It was the Rev. P. A. Sheehan who said, "Flowers are the sweetest thing God has made and forgot to put a soul in," and to those who love them what a wonderful source of recreation they are and what a comfort and pleasure in our hours of ease! They speak a language that is only interpreted by those who understand and appreciate their beauty and modest sentiment.
In all her forms, Nature makes no more brilliant display than in the almost continuous kaleidoscopic coloring of their blossoms which, added to their soft, redolent fragrance, gives one as close a touch of Paradise as it is permitted mortals to enjoy.
Our garden consists of about an acre of sweet-scented trees, shrubs, vines and flowers - one of God's acres it might appropriately be termed, for it is a tract dedicated to show off the best in Nature He has provided for us to feast our eyes upon.
How many delightful hours it has afforded us, from the first flowering of the orange-colored Kerria Japonica, in early spring, to the lingering farewell of the purple bloom of the Heather in Winter! I am thankful to be gifted with a sense of their value and feel sorry for those so dense as to be dull or ignorant of their pleasure-giving qualities.
What a song of contentment they sing to the interested, what a field of wonder and revelation to those who have penetrated their secrets! For flowers we should bless the Lord every day of our lives. How dreary life would be without them - a void 'twould be impossible to fill, and can only be estimated by imagining their total annihilation.
With the awakening of spring, the garden suddenly takes on new life - evidences of renewed vigor are shown everywhere in the bursting buds, peeping leaves and delicious aromatic odors of the season.
About the first of the shrubs to flower is the Kerria Japonica, a deep, rich orange in color, closely followed by the Tamarix Africanus, a light pink flowery shrub without leaves; with it comes the light graceful Forsythia or Golden Bell, a canary yellow, and then the Deutzia and Rosea Weigela, a mass of pink, then the Syringa or mock orange and the Spirea Marie Van Hauteii in their white blossoms, and the red and yellow wild currants; the lavender Lilacs and the tall yellow Laburnum and purple Canadensis or Judas tree, with their grape-like bunches of flowers hanging in great clusters, and the flowering Japanese Quince and Crabapples.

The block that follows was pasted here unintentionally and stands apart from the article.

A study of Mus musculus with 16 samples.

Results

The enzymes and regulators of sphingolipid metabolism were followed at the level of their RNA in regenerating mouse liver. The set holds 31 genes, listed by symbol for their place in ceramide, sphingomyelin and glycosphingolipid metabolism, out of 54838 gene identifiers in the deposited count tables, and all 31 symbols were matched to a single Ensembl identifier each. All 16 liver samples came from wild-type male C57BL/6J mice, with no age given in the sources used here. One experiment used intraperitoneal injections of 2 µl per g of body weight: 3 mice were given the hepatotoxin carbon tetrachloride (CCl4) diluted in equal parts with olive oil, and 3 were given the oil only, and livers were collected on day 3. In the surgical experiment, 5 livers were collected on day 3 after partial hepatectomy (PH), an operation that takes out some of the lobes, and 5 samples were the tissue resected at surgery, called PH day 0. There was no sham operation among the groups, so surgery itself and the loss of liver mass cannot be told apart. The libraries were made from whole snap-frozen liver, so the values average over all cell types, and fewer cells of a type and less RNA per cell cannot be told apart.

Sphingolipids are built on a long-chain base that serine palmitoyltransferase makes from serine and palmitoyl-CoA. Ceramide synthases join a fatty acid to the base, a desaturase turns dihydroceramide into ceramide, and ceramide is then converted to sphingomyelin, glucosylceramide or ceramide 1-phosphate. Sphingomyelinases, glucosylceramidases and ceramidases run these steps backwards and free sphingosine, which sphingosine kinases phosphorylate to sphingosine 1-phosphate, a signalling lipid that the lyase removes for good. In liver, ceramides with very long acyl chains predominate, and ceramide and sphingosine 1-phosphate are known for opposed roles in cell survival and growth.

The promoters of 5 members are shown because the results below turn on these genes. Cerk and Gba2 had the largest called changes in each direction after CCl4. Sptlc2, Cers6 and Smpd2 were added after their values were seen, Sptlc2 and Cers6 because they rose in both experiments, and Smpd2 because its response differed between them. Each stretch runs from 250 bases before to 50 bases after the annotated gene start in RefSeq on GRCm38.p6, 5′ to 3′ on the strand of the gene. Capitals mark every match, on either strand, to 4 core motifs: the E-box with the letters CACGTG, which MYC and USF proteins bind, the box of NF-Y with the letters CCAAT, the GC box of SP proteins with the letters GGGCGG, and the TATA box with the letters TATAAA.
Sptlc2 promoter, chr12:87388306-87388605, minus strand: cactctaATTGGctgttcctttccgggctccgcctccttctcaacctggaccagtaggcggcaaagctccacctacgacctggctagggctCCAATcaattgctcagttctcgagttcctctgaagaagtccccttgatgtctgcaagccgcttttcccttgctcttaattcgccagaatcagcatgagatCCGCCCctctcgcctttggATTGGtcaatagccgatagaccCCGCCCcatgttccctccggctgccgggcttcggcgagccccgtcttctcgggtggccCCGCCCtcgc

The Genestas or Broom, the yellow Spanish and maroon Andrea; then the Abutilon or Golden Fleece, with its bell-shaped flowers; the ever-blooming variegated Lantanas; the blue Plumbago and the Datura or Angels' Trumpet, and Viburnum or snowball with its white balls; the sweet-scented yellow jasmine, pink Oleander, the dark yellow Berberis Darwini, Halesia or Silver Bell, Habrothammus Elegans variegated, yellow Cestrum and red Callisteinon or Bottle Brush, the Crataegus or Christmas Berry, and then the shrubs noted for the coloring of their leaves like the Mahonia or Oregon Grape, Golden Elder and Silver Thorn.
Like all others, we take much pride in our roses, of which we have several hundred varieties. A great favorite is the single shell-pink Irish Elegans, the red Jacqueminot and Marie Henrietta, pink Caroline Testaut, and La France, yellow Marechal Niel and Cloth of Gold, the copper Gold of Ophir and Sole d'Or, the white Madame Druski and La Marque; the largest of them all, red Paul Neyron and white Mildred Grant; the smallest Cecil Brunner and Bankshires; the climbing red Olga de Wurtemburg, yellow Cloth of Gold and pink clustered Dorothy Perkins.
Scattered all about the place, over the fences and about the buildings, are the vines. The brilliant Bougainvillia, purple Clematis, red Trumpet Vine, violet Wistaria, Honeysuckle, Dutchman's Pipe, Pea and Clianthus; and then the annuals like Dahlias, Hollyhocks, Sunflowers and Sweet Peas; the old-fashioned plants, such as Heliotrope, Rosemary, Lavender, Mignonette, Marguerites, Geraniums, Carnations, Fuchsias and Calla Lilies.
Scattered here and there are the flowering trees - the red Japanese Cherry, purple Paulownia Imperalis, and white Almonds, pink and blue Locusts, red Eucalyptus, yellow Acacia, pink Albizzia, red Chestnut, and white Aziria; also may be included those with beautifully colored leaves like the purple Beech, silver Birch and Japanese Maple; and we must not forget the tall privet hedge that encircles the yard or the everblooming yellow border leading to the house of yellow Hypericum which attracts the attention of callers, or the Violet, Daisy and Pansy beds.
There is always much to do, but then the pleasant hours of budding, grafting, pruning and transplanting and the fun of watching things grow and bloom and the interest you take in the weather conditions, to say nothing of the houseful of blossoms, will amply reward you. It is a delightful, restful, health-giving occupation, mentally as well as physically.
In Japan they never ask for a man's house, but inquire the way to his garden.